NEW YORK — The Orlando Magic started Friday night's game against the New York Knicks well.
In the first few minutes, Jameer Nelson threw a pinpoint bounce pass that Arron Afflalo converted into a layup. Nelson hit a 3-pointer. Victor Oladipo sank two 3-pointers.
"That seems so long ago, that first quarter," coach Jacque Vaughn said afterward.
All too true. After that first quarter, everything collapsed for the Magic: their 3-point defense, the pace of their offense and, seemingly, their will to compete.
New York crushed Orlando 121-83 at Madison Square Garden in a victory so total that it washed away the stink of the Knicks' awful start to this season.
"We were playing great ball, good defense and helping each other," New York point guard Raymond Felton said. "We are playing Knicks basketball right now."
Carmelo Anthony scored 20 points and collected 11 rebounds, and the Knicks made 17 of their 34 shots from beyond the arc.
After the end of the first quarter, it seemed like each Knicks 3 that fell through the hoop deflated the Magic's spirits.
"When you're not scoring points and guys are hitting 3s, it just kind of saps the energy out of your effort on the defensive end of the court," Afflalo said. "It's a hard thing to maintain."
The Magic (6-13) don't match up well against the Knicks (5-13).
Orlando now has lost seven consecutive games to New York, a streak that started on March 28, 2012.
Anthony usually inflicts most of the damage.
On Friday, however, his Knicks teammates began the onslaught without him.
The Magic held a 31-28 lead at the end of the first quarter and began the second quarter with a lineup of Ronnie Price, E'Twaun Moore, Maurice Harkless, Jason Maxiell and Solomon Jones.
Anthony wasn't on the floor, but New York still began the period with a 15-4 run.
The Knicks consistently generated wide-open looks from beyond the arc, and the Magic often didn't arrive at the shooters quickly enough to contest the long-range shots effectively. The Knicks made six of their first seven 3-point tries in the quarter.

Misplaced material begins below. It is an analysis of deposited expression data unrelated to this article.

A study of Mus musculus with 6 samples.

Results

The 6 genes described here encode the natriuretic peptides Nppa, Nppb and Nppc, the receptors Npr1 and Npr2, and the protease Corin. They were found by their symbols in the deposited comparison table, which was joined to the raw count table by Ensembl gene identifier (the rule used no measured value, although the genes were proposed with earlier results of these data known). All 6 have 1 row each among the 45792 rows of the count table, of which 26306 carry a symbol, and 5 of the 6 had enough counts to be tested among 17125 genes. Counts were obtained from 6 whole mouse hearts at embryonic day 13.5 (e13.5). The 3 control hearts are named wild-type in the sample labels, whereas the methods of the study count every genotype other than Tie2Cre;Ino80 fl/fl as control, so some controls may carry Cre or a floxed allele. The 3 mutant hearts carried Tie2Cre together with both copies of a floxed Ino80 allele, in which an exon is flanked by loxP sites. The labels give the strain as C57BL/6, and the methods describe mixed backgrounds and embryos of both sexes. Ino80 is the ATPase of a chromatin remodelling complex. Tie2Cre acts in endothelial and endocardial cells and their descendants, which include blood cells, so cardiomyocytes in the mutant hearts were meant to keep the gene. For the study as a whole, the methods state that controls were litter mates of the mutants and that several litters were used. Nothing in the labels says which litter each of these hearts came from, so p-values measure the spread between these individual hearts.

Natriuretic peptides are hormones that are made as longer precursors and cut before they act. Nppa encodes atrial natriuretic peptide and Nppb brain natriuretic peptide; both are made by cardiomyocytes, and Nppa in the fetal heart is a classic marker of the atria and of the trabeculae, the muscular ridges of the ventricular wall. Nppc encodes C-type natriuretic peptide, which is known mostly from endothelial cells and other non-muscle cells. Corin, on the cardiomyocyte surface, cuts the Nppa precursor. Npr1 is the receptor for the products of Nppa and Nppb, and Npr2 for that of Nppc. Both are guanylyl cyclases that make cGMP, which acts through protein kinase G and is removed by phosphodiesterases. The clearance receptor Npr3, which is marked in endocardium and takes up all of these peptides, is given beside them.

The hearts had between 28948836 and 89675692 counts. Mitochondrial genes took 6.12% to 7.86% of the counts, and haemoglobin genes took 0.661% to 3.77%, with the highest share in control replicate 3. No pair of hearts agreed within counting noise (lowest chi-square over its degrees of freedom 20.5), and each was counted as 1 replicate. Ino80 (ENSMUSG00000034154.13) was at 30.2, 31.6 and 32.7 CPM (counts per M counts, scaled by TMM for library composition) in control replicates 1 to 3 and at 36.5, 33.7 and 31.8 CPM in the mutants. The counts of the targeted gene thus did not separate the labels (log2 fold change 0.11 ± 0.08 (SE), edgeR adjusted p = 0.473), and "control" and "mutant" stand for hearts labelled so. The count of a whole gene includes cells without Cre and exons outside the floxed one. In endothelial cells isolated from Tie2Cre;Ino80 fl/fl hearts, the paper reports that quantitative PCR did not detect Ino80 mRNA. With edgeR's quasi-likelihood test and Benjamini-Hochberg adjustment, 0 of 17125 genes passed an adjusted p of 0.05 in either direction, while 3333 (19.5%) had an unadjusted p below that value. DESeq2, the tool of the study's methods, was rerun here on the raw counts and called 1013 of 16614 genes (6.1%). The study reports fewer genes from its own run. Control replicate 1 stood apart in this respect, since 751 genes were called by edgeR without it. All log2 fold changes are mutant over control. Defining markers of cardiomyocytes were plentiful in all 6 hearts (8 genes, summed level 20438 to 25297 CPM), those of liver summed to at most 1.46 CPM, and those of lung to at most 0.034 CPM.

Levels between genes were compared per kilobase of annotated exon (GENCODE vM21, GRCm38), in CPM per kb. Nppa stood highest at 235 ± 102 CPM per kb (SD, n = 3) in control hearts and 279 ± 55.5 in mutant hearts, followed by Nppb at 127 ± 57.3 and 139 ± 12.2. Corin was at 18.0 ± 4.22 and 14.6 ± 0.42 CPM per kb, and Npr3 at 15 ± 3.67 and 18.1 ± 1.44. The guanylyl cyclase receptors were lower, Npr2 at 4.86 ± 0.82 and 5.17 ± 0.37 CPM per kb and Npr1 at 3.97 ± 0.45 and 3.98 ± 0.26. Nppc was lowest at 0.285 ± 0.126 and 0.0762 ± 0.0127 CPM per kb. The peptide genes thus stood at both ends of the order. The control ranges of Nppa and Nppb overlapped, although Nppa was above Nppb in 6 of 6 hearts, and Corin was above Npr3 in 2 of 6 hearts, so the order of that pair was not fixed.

"The attention to detail has to be a lot more sharp than it has been in terms of personnel and us knowing situations," Nelson said.
The Magic played without center Nik Vucevic, who missed his second straight game because of a sprained left ankle. Vucevic took some shots before gametime, but he felt some pain in his ankle and was ruled out.
"We've just got to continue to get guys healthy and continue to build our chemistry," Oladipo said. "It just seems like we never have our whole team."
Glen Davis, playing his first game at the Garden since he fractured his left foot in the arena on Jan. 30, finished with four points and nine rebounds.
"There was a point in time where we made mental mistakes on the other side of the ball defensively and we just couldn't get back in the game," Davis said.
As Orlando's defense struggled, its offense encountered increasing trouble.
All of the Knicks' made baskets allowed the Knicks to set their defense, and, making matters worse, New York switched defenders whenever Orlando ran pick-and-rolls.
The Magic didn't adjust.
And when the Magic kept missing shots, it prevented them from setting their defense and allowed the Knicks to sprint ahead in transition.
With Orlando trailing 74-63, Anthony blocked a shot by Davis. The Knicks pushed the ball upcourt, and Felton found J.R. Smith on the left wing. Smith sank a 3-pointer.
The sellout crowd inside the Garden roared.
The Knicks had done the impossible. They made their troubles fade away.